Kirk Franklin changed the way most Christians looked at themselves from being sinners to children of God. Prickly Juice recognizes him as the best international gospel artist of 2021 with his famous song, ‘Strong God’. But here is Kirk Franklin’s musical journey experience that has transformed millions of lives. We totally love you.
Kirk Franklin is known to have forged an uncommon connection with “the youth,” as the elder churchgoers called it. His message rarely differed from that of the other gospel music circulating at the time, but his sound and his attitude were of a piece with the most popular hip-hop and R. & B. acts of the moment situs sbobet online. His physicality sometimes scandalized the older crowd. Often people complained, “He’s bringing the world into the church.” But those parents also accepted, sometimes grudgingly, that this flashy figure might hold the key to keeping their sons and daughters in the pew and off the streets.
Franklin’s first album, a live recording called “Kirk Franklin and the Family,” offered a smooth, pop-adjacent brand of gospel, descended from acts like Andraé Crouch, the Winans, and, perhaps especially, Edwin Hawkins, whose 1969 hit “Oh Happy Day” laid the template for the kind of mainstream acceptance that Franklin hoped to win. Franklin’s songs had compulsively singable melodies—there was little of the sweaty, melismatic display typically associated with gospel vocalizing. His choir, the Family, sang in sweet, perfectly blended, middle-of-the-register unison, splitting into three-part harmony only toward the propulsive endings of their songs. The lyrics were earnest statements of affection toward the divine. “I sing because I’m happy,” went one of the more popular numbers. “I sing because I’m free”—“His eye is on!”—“His eye is on the sparrow”—“That’s the reason!”—“That’s the reason why I sing.”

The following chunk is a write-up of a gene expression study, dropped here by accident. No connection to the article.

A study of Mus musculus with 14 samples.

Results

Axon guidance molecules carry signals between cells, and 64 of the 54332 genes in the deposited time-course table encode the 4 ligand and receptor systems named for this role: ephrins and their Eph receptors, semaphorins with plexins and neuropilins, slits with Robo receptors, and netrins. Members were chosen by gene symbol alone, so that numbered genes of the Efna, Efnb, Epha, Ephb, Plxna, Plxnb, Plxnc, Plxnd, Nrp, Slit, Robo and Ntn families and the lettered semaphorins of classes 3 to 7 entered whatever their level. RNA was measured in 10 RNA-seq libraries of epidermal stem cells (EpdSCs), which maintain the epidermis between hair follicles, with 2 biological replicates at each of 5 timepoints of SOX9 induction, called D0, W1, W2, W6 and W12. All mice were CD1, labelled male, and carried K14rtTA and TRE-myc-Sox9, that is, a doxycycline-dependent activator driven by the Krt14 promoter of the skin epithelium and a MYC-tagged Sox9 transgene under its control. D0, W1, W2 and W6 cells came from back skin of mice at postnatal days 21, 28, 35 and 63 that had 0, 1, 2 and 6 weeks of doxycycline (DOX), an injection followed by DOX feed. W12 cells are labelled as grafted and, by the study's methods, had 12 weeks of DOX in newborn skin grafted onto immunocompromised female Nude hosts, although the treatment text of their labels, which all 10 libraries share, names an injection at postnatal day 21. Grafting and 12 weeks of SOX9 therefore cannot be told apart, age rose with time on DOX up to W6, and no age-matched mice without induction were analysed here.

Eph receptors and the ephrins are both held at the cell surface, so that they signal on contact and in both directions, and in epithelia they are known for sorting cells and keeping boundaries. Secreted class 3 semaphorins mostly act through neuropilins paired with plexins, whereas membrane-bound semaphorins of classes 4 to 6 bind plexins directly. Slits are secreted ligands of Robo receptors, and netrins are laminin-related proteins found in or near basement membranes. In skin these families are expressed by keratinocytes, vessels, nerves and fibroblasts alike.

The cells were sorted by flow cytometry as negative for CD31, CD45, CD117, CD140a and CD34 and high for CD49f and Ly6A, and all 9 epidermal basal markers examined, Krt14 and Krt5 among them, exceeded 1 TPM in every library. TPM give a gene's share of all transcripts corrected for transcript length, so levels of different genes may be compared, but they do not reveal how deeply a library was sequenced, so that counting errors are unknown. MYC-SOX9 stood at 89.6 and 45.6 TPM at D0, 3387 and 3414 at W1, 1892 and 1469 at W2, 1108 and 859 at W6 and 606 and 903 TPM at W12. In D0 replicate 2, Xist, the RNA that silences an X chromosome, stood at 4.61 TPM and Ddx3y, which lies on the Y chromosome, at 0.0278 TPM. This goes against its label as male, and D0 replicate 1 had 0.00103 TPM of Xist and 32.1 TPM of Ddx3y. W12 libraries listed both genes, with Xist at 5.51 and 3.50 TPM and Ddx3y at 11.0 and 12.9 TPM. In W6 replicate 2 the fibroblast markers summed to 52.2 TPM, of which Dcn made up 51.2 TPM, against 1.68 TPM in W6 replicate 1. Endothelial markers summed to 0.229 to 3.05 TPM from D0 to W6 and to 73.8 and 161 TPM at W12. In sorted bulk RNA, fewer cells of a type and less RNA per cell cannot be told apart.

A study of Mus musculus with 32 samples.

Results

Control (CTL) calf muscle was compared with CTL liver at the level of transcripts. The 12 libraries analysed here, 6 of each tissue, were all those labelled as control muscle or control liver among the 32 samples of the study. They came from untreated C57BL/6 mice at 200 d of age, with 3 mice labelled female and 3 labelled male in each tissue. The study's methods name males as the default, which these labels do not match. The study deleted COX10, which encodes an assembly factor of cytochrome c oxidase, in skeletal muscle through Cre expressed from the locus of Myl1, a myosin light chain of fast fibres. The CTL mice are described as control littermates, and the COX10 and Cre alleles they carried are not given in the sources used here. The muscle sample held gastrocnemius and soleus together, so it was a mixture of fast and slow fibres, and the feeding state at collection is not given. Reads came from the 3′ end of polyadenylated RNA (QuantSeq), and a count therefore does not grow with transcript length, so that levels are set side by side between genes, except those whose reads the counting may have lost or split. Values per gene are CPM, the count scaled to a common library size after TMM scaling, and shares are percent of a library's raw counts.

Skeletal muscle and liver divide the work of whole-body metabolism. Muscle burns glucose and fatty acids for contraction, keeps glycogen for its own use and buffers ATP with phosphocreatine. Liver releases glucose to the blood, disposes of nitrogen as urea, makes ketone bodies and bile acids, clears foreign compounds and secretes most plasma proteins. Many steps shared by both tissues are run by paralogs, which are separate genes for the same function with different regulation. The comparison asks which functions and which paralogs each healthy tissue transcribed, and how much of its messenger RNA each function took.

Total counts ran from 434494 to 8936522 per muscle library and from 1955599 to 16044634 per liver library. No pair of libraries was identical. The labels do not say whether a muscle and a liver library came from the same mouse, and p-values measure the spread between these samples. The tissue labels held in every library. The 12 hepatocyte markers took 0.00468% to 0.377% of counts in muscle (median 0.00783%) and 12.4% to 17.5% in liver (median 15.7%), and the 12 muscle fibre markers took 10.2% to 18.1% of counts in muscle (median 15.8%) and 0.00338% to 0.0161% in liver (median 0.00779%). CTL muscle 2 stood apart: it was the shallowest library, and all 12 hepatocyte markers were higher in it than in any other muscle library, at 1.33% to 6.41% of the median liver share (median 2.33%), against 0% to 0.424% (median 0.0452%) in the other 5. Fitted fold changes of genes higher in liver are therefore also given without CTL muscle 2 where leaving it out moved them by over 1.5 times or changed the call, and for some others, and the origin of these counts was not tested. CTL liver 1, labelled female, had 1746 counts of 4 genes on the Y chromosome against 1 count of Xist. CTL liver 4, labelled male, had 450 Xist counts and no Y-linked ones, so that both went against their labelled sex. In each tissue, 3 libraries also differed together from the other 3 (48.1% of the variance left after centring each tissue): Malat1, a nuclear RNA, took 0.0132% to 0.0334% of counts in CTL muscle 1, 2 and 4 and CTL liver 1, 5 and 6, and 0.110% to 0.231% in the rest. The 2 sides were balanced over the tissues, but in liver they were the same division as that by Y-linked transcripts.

“Kirk Franklin and the Family” sold a million copies, becoming the first gospel début to go platinum. Franklin’s next record, “Whatcha Lookin’ 4,” went platinum as well, and earned Franklin his first Grammy. Both albums topped Billboard’s gospel-album category. And, surprisingly, they appeared on the R. & B. chart—a sign that gospel, Christ and all, might finally cross over. In 1995, Jimmy Iovine, then the chairman of Interscope Records, home of Tupac Shakur and Dr. Dre, engineered a partial acquisition of GospoCentric Records, the independent label that had signed Franklin. One of Interscope’s talent scouts had brought Franklin to Iovine’s attention, and Iovine was enthralled by https://graceec.org/ Franklin’s charisma as well as by his commercial potential. He heralded Franklin—who, by now, was heading a new outfit, called God’s Property—as gospel music’s Bob Marley.
“Stomp,” the lead single on Franklin’s next album, “God’s Property from Kirk Franklin’s Nu Nation,” made the Top Forty charts in 1997. Its video, which entered regular rotation on MTV, opens with Franklin, in a white suit and shades, issuing a warning directly to the camera: “For those of you that think that gospel music has gone too far—you think we’ve gotten too radical with our message. Well, I’ve got news for you: you ain’t heard nothin’ yet. And if you don’t know, now you know. Glory, glory!” It was a deliberate echo of the Notorious B.I.G.’s introduction to his 1994 hit “Juicy,” and served as a kind of mission statement for Franklin’s gospel/hip-hop hybrid. Throughout the video, the members of God’s Property—dressed, variously, in baggy jeans, shiny athletic gear, and Nike Air Force 1s—dance boisterously, striking poses you’d otherwise expect to see in a night club.